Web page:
When Osama bin Laden declared war on the West in 1996, he cited the Quran’s command to “strike off” the heads of unbelievers. More recently, U.S. Army Maj. Nidal Hasan lectured his colleagues about jihad, or “holy war,” and the Quran’s exhortation to fight unbelievers and bring them low. Hasan is accused of killing 13 people at Fort Hood, Texas, last year.
Given this violent legacy, religion historian Philip Jenkins decided to compare the brutality quotient of the Quran and the Bible.
“Much to my surprise, the Islamic scriptures in the Quran were actually far less bloody and less violent than those in the Bible,” Jenkins says.
Politico reports that a federal grand jury has subpoenaed the National Republican Senatorial Committee as part of its investigation into Senator John Ensign’s affair with a former staffer. The jury wants documents from the committee pertaining to Ensign’s tenure as the NRSC chairman during the 2007-2008 election cycle. According to local reports, federal agents are also investigating Ensign for allegedly offering to block legislation for a Nevada credit-card company in exchange for a $28,000 donation to the NRSC.
Political scientist Alan Abramowitz has written an interesting piece on demography and politics. Briefly summarized, usually the Republicans win among white voters, although the margin varies from year to year, but Democrats always win the nonwhite vote in a landslide.
Projections out to 2020 are fairly accurate because anyone who will be of voting age in 2020 was born in 2002 or later and those data are known. In addition, if immigration continues unabated, the percentage of nonwhites is only likely to increase because many of the immigrants are legal and nonwhite and they tend to become citizens 5-10 years after arrival.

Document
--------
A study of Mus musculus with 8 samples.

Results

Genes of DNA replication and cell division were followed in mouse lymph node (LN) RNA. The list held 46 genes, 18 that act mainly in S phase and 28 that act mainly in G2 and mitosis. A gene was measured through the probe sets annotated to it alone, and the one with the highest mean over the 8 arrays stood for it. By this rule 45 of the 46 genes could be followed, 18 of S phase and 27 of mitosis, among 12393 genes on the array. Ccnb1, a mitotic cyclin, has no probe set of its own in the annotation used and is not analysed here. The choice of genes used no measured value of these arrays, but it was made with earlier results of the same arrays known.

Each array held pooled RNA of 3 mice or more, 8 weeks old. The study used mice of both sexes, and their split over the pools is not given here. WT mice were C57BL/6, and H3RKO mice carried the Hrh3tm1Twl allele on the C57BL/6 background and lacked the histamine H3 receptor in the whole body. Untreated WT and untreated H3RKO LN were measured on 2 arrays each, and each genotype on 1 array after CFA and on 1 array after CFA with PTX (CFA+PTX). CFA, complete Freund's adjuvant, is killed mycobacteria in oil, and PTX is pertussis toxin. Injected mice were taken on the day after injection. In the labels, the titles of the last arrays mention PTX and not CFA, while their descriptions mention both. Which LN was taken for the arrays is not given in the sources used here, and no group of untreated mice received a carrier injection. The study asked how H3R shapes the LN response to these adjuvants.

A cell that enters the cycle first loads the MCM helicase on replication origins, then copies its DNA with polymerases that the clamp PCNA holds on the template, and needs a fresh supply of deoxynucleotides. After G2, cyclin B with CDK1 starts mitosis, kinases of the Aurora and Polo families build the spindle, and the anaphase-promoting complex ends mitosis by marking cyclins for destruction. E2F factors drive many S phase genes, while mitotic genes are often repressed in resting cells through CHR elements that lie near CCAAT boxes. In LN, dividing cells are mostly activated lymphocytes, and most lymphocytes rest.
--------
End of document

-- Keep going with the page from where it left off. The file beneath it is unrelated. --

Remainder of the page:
The Republicans’ base of (older) white voters is shrinking and the Democrats base of (younger) nonwhite voters is growing. This means that unless the Republicans can figure out how to capture a larger piece of the nonwhite vote, they have a big problem coming up. And poll after poll has shown that the Republicans main policy positions–lower taxes and smaller government–are extremely unpopular with nonwhite voters, who want a larger, more activist government. If the Republicans don’t change their policies, they are unlikely to pickup many new voters in the nonwhite demographic, but if they do change their policies, they may alienate their base. If they win big in 2010, as seems likely now, they may fall into a trap of thinking they are doing the right thing and just continue doing it, when the real reason for a possible big win in 2010 is the historical near-certainty of the voters being disappointed with the Party in charge.
In the midterm elections, the party occupying the White House nearly always loses a substantial number of seats in both the House and the Senate. Current polling indicates that this year does not appear to be an exception. The chart below shows the House “gains” from 1946 to 2006 for all the midterm elections, where positive means that the party in the White House gained seats and negative means they lost seats. The color is that of the President’s party.
The Senate picture is roughly the same, as can be seen here.
Does this mean the Democrats’ goose is cooked? Not entirely, but the signs are not good for them. In particular, the health-insurance bill is likely to dominate in 2010. If the Democrats fail to pass a bill, they will have shown themselves incapable of governing even with huge majorities in the House and Senate and the voters will surely give the others guys another try. If they do pass a bill and manage to effectively sell it, they might be able to limit losses.